With the Food and Drug Administration’s publication of sweeping new e-cigarette and vaping regulations, a tipping point finally appears to have been reached.
Thursday’s new rules, which the e-cigarette and tobacco companies have fought ferociously since 2011, came less than a day after Gov. Jerry Brown signed similar restrictions in California and a high court cleared the way for tough e-cigarette regulation in the European Union. They’re not a moment too soon.
The devices have soared in popularity, threatening to undo a generation of public health work. A recent survey supported by the FDA and the Centers for Disease Control and Prevention recently showed e-cigarette use among high school students had shot up from 1.5 percent in 2011 to 16 percent last year, an increase of more than 900 percent.
Meanwhile, biased and mixed research has made it hard to know whether nicotine vapor has risks of its own, or whether vaping and e-cigarettes can help regular smokers wean themselves from a deadly habit. Because makers of e-cigarettes will now be required to register and disclose their manufacturing processes and scientific data, Americans may at last get some good answers under FDA rules.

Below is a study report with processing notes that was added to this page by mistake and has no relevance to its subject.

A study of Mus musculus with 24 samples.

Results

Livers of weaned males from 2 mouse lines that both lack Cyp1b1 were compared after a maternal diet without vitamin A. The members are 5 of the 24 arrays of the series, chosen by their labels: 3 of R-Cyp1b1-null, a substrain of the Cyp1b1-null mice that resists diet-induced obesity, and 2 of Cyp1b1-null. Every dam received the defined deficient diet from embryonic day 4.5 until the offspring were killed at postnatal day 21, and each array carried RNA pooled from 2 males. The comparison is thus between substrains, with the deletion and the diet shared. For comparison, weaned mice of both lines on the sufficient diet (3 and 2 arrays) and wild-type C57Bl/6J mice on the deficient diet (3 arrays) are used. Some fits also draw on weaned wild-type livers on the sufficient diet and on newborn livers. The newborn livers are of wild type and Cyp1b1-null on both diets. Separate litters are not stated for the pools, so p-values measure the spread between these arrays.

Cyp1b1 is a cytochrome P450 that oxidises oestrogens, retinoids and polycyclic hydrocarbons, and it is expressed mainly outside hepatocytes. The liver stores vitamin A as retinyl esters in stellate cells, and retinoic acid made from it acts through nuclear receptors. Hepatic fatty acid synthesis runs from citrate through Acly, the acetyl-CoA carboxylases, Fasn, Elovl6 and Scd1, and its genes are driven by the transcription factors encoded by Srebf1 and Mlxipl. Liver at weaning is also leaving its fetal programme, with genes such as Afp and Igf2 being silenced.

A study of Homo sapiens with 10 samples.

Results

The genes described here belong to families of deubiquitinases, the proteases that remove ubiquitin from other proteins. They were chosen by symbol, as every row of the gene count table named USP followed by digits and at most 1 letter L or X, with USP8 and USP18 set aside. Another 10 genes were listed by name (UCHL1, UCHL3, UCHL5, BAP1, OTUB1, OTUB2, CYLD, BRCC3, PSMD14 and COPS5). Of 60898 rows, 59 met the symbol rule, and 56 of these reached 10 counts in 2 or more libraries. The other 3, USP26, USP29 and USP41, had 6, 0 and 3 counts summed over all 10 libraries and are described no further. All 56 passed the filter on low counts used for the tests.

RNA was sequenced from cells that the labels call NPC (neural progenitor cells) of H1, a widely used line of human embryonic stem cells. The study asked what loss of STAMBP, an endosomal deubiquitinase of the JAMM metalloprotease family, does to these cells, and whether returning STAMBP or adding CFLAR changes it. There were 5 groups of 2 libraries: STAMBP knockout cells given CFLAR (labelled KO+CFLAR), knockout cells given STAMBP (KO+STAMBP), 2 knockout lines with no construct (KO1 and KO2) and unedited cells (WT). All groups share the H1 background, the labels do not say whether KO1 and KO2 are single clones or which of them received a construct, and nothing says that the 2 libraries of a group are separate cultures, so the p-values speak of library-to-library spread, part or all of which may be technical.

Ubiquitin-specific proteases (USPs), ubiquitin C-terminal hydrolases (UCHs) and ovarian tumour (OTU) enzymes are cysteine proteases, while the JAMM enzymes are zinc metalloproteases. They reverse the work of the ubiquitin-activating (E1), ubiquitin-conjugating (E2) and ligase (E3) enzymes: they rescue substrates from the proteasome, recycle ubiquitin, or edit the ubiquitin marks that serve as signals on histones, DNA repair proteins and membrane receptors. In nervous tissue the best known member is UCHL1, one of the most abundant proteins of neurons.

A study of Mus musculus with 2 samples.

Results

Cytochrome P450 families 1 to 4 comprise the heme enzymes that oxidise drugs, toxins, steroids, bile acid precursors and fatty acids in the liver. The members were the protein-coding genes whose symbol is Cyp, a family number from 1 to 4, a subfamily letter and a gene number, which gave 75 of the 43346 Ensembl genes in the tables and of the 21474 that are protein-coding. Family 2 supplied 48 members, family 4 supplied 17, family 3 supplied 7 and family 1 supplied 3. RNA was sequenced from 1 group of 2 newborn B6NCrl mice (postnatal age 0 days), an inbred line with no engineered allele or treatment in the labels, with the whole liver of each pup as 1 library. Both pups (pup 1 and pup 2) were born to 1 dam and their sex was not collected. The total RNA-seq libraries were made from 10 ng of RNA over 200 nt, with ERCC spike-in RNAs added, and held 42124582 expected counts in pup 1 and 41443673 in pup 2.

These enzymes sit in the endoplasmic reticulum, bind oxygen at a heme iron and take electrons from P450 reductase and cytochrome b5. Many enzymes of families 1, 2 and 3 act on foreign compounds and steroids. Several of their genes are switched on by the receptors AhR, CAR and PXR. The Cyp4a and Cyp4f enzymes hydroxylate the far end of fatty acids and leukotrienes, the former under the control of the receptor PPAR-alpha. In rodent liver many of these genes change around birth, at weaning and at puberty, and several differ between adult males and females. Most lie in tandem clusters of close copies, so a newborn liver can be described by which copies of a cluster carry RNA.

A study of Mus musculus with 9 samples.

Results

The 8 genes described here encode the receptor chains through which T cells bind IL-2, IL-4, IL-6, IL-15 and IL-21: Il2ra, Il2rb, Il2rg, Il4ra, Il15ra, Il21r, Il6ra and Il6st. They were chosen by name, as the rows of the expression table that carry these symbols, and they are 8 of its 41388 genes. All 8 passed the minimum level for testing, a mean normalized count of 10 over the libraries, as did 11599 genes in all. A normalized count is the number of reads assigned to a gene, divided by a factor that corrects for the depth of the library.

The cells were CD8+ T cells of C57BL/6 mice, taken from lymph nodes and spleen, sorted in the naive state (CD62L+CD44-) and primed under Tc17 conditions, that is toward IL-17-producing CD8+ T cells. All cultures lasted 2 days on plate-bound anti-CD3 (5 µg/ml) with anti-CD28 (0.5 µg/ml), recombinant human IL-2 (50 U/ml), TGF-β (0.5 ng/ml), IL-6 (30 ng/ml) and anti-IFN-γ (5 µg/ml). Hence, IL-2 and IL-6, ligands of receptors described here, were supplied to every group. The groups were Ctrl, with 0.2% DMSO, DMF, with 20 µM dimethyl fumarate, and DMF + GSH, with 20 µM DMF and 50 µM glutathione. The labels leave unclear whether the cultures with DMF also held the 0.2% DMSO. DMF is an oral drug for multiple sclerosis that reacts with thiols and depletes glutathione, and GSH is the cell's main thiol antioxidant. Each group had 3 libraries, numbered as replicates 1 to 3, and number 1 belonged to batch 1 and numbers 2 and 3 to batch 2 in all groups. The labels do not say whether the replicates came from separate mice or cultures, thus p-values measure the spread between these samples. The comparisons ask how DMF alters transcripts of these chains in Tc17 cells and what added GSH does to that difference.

The vaping industry has for too long been ‘the wild, wild West,’ as the director of the FDA’s Center for Tobacco Products succinctly put it on Thursday.
The regulations aren’t perfect. They do ban e-cigarette and hookah sales to minors, both in person and online, and require photo identification for purchase. And they will end the pernicious practice of handing out free samples at events where young people gather.
But they don’t address the issue of kid-friendly flavors, and there are real concerns that the compliance costs will put mom-and-pop vape shops out of business and drive the industry further into the arms of Big Tobacco. That’s something to watch in the three-year window the FDA has given companies to submit applications for approval; small businesses should be protected, particularly if e-cigs turn out to save lives.
Overall, though, this new era is welcome. The vaping industry has for too long been “the wild, wild West,” as the director of the FDA’s Center for Tobacco Products succinctly put it Thursday. It’s high time the sheriff arrived.